As the use of smart phones skyrockets, the need to centrally manage those devices is becoming apparent. Remote PC control provider LogMeIn on June 28 jumped in to satisfy that demand with a new Web-based remote control program for centrally managing smart phones.
The new LogMeIn Rescue Mobile software allows help desk technicians or other IT support personnel to take control of a users smart phone to remotely troubleshoot and resolve problems. The program, an evolution of LogMeIns existing remote control software, Rescue, is aimed at wireless carrier call centers, outsourcers and enterprise IT help desks that are beginning to look at the issue of managing smart phones.
“It became clear to us that the mobile phone is a shrunk-down laptop today. We thought, Wouldnt it be great if a technician, enterprise IT or outsourced IT guy could get access to support that mobile phone in the same way they do with PCs today,” said Rick Redding, vice president of business development for LogMeIn, in Woburn, Mass.
Technicians working with the LogMeIn central console have a replica of the phone in question on their computer screens. They can push simulated smart-phone buttons, manipulate the phones screen and control the phone as if it were in their hands.
The LogMeIn Rescue Mobile software-as-a-service offering also allows technicians to take control of a PC connected to a smart phone.
“Many problems are happening on mobile phones as result of configuration issues on the PC side, such as a problem with active sync or getting media players to work on the phone. So they can solve the problem, whether the phone is not configured properly or the PC is not configured properly,” Redding said.
Gartner estimated that 72 million smart phones were shipped in 2006, out of a total of about 1 billion mobile phones shipped, according to Key Dulaney, vice president of mobile computing for the analyst firm.
But Dulaney has his doubts about whether enterprise IT is ready to take on management of smart phones, he said. “The problem is probably substantial, but few companies have really spent the money to go after it. I see manageability of mobile devices as a [lower] priority. People tend to wait for a disaster to happen,” he said.
Redding acknowledged that LogMeIn may be ahead of demand on the enterprise IT side, but he said he believes that some enterprises are being forced to take over management of smart phones because, as an edge device, they represent a security risk.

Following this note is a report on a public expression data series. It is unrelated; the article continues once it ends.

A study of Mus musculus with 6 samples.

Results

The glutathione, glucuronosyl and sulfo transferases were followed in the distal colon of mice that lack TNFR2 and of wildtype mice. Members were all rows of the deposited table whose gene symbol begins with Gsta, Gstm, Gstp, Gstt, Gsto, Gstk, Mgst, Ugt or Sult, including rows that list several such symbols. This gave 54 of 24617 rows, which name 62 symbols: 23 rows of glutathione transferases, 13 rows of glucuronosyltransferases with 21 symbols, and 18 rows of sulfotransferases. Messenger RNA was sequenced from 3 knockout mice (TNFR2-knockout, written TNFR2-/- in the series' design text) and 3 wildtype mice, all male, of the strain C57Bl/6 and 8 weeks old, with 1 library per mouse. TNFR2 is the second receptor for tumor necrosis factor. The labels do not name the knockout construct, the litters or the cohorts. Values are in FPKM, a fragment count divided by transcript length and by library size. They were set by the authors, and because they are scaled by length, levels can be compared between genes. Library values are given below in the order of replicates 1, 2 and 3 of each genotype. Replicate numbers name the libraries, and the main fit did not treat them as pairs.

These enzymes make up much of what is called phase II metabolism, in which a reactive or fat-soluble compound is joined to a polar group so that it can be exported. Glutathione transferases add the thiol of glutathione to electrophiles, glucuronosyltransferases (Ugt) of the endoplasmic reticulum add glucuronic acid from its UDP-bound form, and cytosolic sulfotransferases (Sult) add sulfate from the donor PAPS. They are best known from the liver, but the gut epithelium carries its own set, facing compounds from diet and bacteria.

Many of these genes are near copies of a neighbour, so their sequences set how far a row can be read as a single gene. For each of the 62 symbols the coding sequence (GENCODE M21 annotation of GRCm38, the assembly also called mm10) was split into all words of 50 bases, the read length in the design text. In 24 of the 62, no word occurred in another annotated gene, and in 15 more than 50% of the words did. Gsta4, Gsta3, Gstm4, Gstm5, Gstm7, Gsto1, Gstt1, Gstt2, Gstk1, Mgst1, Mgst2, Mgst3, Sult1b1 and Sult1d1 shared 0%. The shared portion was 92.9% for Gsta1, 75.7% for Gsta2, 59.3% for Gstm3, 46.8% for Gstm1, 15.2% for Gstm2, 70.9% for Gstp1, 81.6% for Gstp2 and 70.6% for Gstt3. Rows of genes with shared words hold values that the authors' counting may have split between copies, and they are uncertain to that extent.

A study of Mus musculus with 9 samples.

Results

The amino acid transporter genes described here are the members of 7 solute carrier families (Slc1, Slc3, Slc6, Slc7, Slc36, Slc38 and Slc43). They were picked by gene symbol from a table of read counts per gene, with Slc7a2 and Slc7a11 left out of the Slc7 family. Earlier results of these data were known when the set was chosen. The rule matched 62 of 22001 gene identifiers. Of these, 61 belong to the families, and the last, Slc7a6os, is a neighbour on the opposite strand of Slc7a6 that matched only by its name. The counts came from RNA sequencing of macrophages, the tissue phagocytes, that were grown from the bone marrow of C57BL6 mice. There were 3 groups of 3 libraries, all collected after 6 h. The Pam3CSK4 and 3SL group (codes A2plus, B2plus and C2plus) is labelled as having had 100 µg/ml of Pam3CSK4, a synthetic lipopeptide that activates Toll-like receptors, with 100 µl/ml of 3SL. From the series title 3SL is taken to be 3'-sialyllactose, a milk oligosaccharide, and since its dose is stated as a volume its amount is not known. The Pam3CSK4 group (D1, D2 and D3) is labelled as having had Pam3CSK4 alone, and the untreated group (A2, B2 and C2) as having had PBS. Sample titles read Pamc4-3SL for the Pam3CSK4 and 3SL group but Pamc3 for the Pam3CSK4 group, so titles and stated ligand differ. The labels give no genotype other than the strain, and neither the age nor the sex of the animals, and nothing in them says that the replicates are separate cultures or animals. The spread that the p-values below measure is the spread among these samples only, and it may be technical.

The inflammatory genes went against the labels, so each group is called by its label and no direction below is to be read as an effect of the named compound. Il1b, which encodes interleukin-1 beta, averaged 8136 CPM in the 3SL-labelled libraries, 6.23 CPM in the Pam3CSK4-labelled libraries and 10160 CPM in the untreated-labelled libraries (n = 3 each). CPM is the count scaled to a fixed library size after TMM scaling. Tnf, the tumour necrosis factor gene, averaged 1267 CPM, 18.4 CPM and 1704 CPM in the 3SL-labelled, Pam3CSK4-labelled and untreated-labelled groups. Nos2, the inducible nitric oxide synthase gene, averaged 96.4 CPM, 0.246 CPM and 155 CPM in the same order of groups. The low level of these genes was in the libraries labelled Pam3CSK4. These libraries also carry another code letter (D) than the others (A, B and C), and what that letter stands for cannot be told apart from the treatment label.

“Big banks wont ignore it. The NSA and high-security organizations wont ignore it,” Dulaney agreed. “But for the most part its not going to be a problem till its a problem.”
Potential users at All Covered, an IT support services company serving small businesses, believe smart-phone management is becoming a must, according to All Covered CIO Patrick Sullivan, in Redwood City, Calif.
“If youre an IT support person supporting business people who are running an application or e-mail synchronized with their cell phone, youll have to deal with it. If theres a tool out there to help, thats even better. The idea really piqued my interest,” Sullivan said.
It is already a problem for wireless carriers, who bear the brunt of the support costs, Redding said. “Smart-phone customers quickly get routed into Tier 2 support, which is four to five times more expensive than Tier 1 support. Calls can last 15 to 20 minutes. Its a whole lot more efficient for the technician to be drilling down into the phone than to be talking you through each screen. If you take any of top four major U.S. wireless carriers, shaving minutes off that call is worth hundreds of millions of dollars,” he explained.
LogMeIn claims it is the first vendor to provide Web-based remote control of smart-phone devices. “Nobody does support for the IT administrators support of the phone. Others do device management and security, but not device support,” Redding said.
“They are certainly one of the first. They will be one of the contenders out there, Im sure,” Dulaney said.
A preview version of Rescue Mobile is due in July, supporting Windows Mobile 5 and 6 and any Pocket PC. The preview version, including the technicians console and a Web-based executable that runs on the device, will provide chat and remote control functions. The complete offering, due in late October, will add access system information, reboot, file transfer, patch management and configuration management. LogMeIn intends to release a version in 2008 supporting BlackBerry devices.
Although LogMeIn recently added a free Macintosh remote control offering to its lineup, the iPhone is not in the cards yet, Redding said.